University of Sydney newspaper launches digital archive

The University of Sydney’s newspaper, Honi Soit has launched a digital archive project that provides access to newspaper issues that date back as far as 1929.


The announcement:

The University of Sydney Honi Soit digital archive project is now live, providing easy online access to issues of the student newspaper from 1929 to 1990.

The pages of infamous student rag Honi Soit will be preserved for future generations, thanks to a new digital archive project currently underway at the University of Sydney Library.

Eighty-seven years after it first hit the stands, more than 18,000 pages from 1530 issues in 61 volumes have been individually digitised.

Some of Australia’s finest journalists and politicians cut their teeth on Honi Soit, and notable alumni have gone on to launch remarkable public careers.

Clive James, Laurie Oakes, and the late Bob Ellis are among the former editors who steered the publication through controversy and acclaim, with contributions from Robert Hughes, Malcolm Turnbull, Tony Abbott, Les Murray, and Germaine Greer filling the pages.

The articles in Honi Soit provide a snapshot of Australia’s social and political history, says Sten Christensen, University of Sydney Library Associate Director, Publishing and Data, and a driving force behind the Honi Soit Digital Archive project.

“Honi Soit is a rich source of information and a well-loved publication still used for research,” he said.

“It offers us unique insights, as so many of the issues in broader society were played out in its pages before they became part of the mainstream news agenda.

“It’s fascinating to see how the newspaper changes over time. The early editions are very conservative and text heavy. By the mid-50s it starts to get interesting, with the likes of Clive James and Robert Hughes becoming involved.

“By the 1960s, politics had become impossible to ignore. The moratorium to end the Vietnam War dominated, as did feminism in the 70s, the Aboriginal and Torres Strait Islander land rights movement in the 80s, and the culture wars in the 90s.

“There’s so much content in this archive that we’re not yet across all the gold – it’s not just writing but also artwork, photography, poetry, opinion and so much more.”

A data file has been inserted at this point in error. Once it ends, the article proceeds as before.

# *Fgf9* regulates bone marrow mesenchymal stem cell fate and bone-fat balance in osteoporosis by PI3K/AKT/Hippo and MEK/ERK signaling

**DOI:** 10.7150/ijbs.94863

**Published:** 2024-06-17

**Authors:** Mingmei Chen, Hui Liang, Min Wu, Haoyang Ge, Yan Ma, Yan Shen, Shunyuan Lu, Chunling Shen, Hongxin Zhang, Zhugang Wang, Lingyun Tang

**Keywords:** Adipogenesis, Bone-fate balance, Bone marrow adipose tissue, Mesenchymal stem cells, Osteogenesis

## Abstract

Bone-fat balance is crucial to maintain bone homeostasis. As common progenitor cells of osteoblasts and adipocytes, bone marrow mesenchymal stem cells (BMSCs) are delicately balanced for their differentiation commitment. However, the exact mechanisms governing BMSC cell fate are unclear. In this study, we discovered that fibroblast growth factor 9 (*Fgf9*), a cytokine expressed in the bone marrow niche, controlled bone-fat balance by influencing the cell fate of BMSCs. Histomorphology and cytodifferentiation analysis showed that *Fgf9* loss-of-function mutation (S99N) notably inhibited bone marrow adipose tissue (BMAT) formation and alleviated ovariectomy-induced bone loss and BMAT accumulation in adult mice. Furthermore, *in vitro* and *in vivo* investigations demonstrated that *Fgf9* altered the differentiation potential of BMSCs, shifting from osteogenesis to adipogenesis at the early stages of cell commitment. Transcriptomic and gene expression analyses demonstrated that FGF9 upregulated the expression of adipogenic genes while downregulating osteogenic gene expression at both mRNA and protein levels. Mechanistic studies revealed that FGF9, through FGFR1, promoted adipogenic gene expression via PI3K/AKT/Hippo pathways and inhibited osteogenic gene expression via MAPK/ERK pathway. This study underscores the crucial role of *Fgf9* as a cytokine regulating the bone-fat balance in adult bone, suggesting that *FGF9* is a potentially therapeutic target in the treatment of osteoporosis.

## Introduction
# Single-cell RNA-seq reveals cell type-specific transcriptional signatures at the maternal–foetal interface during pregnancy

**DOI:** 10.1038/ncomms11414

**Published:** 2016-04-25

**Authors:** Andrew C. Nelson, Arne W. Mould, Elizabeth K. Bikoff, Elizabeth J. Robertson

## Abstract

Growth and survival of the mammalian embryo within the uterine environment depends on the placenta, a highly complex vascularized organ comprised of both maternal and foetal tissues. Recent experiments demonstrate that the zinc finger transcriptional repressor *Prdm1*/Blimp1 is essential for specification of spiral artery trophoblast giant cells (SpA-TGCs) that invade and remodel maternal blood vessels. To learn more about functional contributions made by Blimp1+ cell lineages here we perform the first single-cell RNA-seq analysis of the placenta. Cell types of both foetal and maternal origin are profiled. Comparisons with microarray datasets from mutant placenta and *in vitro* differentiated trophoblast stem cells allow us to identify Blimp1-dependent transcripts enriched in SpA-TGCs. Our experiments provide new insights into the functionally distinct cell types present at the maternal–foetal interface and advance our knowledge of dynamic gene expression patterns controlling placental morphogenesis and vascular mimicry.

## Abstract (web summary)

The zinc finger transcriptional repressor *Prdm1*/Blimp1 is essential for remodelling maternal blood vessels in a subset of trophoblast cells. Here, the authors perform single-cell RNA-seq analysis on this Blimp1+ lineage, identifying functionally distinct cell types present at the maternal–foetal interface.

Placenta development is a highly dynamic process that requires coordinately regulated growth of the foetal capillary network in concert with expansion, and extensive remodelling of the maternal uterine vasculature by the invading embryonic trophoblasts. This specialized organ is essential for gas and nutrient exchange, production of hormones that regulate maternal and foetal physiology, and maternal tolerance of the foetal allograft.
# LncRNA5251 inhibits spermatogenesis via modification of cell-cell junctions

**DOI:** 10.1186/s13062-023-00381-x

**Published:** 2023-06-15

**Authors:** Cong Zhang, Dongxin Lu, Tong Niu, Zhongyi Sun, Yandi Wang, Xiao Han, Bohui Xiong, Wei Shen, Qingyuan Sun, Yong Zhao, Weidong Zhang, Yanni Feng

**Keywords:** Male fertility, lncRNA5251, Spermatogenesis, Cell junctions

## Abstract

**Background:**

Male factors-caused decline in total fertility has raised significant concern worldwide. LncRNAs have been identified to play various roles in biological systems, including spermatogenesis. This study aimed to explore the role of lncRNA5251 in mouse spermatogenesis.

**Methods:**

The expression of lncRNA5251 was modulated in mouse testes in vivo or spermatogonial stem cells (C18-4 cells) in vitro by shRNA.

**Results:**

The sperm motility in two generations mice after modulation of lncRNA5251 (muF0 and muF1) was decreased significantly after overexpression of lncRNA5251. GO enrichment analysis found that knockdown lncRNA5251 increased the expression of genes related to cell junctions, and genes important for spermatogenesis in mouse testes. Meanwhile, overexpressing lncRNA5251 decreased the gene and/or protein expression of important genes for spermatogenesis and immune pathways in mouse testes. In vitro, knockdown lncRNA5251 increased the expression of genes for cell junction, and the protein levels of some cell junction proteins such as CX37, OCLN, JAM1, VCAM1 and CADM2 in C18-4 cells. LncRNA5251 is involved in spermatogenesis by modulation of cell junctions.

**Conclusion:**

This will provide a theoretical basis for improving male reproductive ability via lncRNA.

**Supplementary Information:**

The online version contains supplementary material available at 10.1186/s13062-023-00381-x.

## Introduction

Tonight, journalist and former Honi Soit editor (1966) David Salter will launch the archive on campus at the Holme Building. He’ll be joined by a cohort of Honi contributors past and present.

“Honi has been a sandpit for some of the best serious journalists in this town,” he said.

“It provided the monkey bars on which those of us silly enough to write for a living could flex our muscles and learn the trade.

“Free online access to Honi will now be a very useful resource for those curious about what has exercised the minds and hearts of the University over the past 60 years.”

The process of digitising such a large collection was complicated and time consuming. Preliminary discussion and an audit of available editions began in 2011. In February 2016, specialist equipment came onsite and technicians were employed to manually scan the pages. This was followed by quality checks and the development of the platform to showcase the archive online.

“We had two major aims for the project: preservation and accessibility,” Mr Christensen explains.“While there had been an earlier attempt to microfilm certain editions, it was all in black and white and the quality often wasn’t very good. We’ve been able to produce high-resolution scans, taking the pressure off our fragile print copies to ensure they’re archived for the ages.

“We also wanted to provide widespread and easy access to the scans, which are now available as online PDFs for anyone to view and read.”

The final stage of the digital archive project will see the development of a search capability across the entire archive, so content can be more easily navigated using search terms.”

Mr Christensen thanked the University’s Students’ Representative Council (SRC), the publishers of Honi Soit: “The Library is grateful to the SRC president and its general secretariat for supporting the online availability of the digital archive.”